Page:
Corporate revenue growth is expected to print at 12-13% on-year for the third quarter of this fiscal ended December 31, 2018, or 400-500 basis points lower than the 17% on average in the first two quarters. That’s primarily because of the high-base effect created by the 13% growth seen in the third quarter of last fiscal, which followed 7% in the preceding two quarters.
Growth in operating profit (EBITDA; or earnings before interest, tax, depreciation and amortisation), is also expected to print lower, at just below 10% on-year compared with 15% over the three quarters preceding.
Linked to this, India Inc is expected to report a margin contraction of ~50 basis points (bps) on-year for the quarter amid rising raw material costs across sectors.
The forecast is based on CRISIL Research’s analysis of 362 companies, which account for ~67% of the market capitalisation of the National Stock Exchange, excluding banking, financial services and insurance (BFSI) and oil sectors.
Says Prasad Koparkar, Senior Director, CRISIL Research, “Commodity and infrastructure-linked sectors are expected to support revenues for the quarter ended December. Steel, cement, natural gas and petrochemicals are expected to be driven by volume and/or realisation growth, while sectors such as construction and capital goods are expected to grow on a pickup in execution of key infrastructure-led government schemes. In consumption spending-led sectors such as airline services and retail, revenues will be supported by positive demand sentiment, while in export-oriented segments such as IT services and pharma, the boost would come from a weak rupee on a y-o-y basis.”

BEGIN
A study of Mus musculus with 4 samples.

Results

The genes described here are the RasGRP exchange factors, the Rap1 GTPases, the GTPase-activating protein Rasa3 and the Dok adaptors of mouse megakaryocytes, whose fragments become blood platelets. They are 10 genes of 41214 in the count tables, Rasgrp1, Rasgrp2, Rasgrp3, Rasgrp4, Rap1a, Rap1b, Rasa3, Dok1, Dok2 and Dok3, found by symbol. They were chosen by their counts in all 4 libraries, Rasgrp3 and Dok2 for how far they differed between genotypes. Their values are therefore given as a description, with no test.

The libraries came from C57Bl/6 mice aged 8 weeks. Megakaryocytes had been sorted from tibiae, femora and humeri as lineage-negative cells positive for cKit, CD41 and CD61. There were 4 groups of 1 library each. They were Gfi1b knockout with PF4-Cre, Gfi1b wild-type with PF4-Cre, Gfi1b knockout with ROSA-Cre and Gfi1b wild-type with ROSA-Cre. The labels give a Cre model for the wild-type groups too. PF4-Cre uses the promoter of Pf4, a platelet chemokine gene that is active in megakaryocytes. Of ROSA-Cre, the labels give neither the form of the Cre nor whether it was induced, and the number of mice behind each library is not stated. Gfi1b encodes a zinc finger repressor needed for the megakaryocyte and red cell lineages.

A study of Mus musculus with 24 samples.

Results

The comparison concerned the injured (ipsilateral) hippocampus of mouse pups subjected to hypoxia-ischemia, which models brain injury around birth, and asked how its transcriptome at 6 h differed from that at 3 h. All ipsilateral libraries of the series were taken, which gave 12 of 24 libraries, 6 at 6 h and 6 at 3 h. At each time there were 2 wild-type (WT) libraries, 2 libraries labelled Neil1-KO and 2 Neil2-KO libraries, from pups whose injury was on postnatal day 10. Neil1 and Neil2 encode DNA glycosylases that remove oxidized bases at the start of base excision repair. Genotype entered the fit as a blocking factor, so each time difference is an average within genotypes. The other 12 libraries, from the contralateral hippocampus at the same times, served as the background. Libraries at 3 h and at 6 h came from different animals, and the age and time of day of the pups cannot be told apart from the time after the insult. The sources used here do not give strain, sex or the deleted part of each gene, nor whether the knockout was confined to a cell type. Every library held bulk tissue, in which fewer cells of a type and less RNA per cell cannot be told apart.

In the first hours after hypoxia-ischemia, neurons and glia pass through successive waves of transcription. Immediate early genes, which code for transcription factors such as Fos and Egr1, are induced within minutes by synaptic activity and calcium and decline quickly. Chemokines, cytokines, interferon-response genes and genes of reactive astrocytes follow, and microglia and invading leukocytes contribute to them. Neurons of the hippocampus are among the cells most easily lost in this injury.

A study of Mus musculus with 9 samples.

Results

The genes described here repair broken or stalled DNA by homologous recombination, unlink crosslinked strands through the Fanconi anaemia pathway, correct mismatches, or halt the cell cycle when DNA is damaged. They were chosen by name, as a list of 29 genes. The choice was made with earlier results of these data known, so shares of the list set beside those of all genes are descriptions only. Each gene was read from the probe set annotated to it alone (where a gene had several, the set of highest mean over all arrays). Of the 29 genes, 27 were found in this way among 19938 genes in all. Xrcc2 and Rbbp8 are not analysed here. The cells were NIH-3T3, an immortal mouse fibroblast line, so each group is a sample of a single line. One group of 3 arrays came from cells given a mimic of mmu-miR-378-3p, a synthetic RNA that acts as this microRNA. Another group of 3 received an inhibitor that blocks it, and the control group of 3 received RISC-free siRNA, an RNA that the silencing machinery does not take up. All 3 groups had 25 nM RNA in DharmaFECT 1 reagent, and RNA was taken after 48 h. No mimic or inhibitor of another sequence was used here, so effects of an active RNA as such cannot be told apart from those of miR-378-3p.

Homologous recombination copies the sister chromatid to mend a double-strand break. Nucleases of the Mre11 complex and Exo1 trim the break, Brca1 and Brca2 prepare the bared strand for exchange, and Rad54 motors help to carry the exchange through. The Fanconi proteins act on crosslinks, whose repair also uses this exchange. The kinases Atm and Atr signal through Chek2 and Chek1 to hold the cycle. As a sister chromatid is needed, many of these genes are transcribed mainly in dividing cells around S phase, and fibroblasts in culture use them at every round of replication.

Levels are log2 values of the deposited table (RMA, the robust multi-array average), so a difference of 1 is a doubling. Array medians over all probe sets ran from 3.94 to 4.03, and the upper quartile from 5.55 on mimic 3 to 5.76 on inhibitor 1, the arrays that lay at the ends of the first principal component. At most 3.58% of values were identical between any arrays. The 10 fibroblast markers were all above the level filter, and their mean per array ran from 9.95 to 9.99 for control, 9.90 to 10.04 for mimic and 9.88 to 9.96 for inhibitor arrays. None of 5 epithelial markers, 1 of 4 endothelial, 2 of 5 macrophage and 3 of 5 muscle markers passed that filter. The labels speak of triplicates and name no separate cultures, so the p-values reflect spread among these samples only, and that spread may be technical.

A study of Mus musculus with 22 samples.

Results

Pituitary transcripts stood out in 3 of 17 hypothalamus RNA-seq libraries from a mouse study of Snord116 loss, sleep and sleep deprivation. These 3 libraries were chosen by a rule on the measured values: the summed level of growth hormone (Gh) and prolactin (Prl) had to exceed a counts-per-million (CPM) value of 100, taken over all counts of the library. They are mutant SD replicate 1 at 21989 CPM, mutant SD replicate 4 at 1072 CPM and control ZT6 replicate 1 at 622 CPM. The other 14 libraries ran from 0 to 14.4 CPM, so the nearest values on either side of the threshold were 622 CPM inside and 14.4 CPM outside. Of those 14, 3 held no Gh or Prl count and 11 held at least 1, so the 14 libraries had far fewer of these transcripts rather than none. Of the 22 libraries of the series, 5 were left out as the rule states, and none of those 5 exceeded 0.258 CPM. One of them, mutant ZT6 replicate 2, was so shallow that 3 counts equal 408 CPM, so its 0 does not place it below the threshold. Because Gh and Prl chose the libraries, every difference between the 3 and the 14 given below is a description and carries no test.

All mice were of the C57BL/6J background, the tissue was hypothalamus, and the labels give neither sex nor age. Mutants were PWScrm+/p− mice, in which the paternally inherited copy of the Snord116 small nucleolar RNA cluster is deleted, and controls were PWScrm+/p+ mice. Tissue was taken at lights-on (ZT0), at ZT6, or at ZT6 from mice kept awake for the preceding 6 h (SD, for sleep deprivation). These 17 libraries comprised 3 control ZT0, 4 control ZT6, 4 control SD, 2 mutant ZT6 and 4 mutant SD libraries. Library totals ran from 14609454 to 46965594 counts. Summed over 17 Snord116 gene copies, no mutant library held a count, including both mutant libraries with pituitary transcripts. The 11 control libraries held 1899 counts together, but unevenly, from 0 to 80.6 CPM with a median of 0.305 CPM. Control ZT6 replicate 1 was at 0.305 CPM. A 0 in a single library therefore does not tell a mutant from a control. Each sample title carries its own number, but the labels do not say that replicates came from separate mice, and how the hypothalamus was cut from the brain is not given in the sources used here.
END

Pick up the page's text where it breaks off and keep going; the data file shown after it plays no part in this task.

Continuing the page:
However, overall revenue growth will be constrained by a demand slowdown in automobiles, sugar, aluminium and telecom services. Automobiles revenue is expected to have been impacted by a rise in ownership costs, while the other sectors would bear the impact of lower realisations and competitive pressures.
Even with healthy topline growth, India Inc is expected to face dampened profitability at the operating level with rising input prices building pressure on the cost structure. Despite softening of commodity prices and a weakening of the rupee towards the end of Q3 FY19, the prices of most common commodities remain high on-year. Having said that, full impact of the softening may be visible in the fourth quarter of this fiscal.
Says Rahul Prithiani, Director, CRISIL Research, “Domestic prices of coal, long steel, flat steel and aluminium are expected to have risen 13%, 15%, 18% and 6%, respectively, on-year in the third quarter. Additionally, oil prices are expected to print 10-11% higher even as rupee depreciation would be ~11% on-year. Limited ability to pass through increased input prices to end customers in sectors such as airlines, cement, retail and telecom due to competitive pressures and high sensitivity to price movements will also accentuate pressure on the margins.”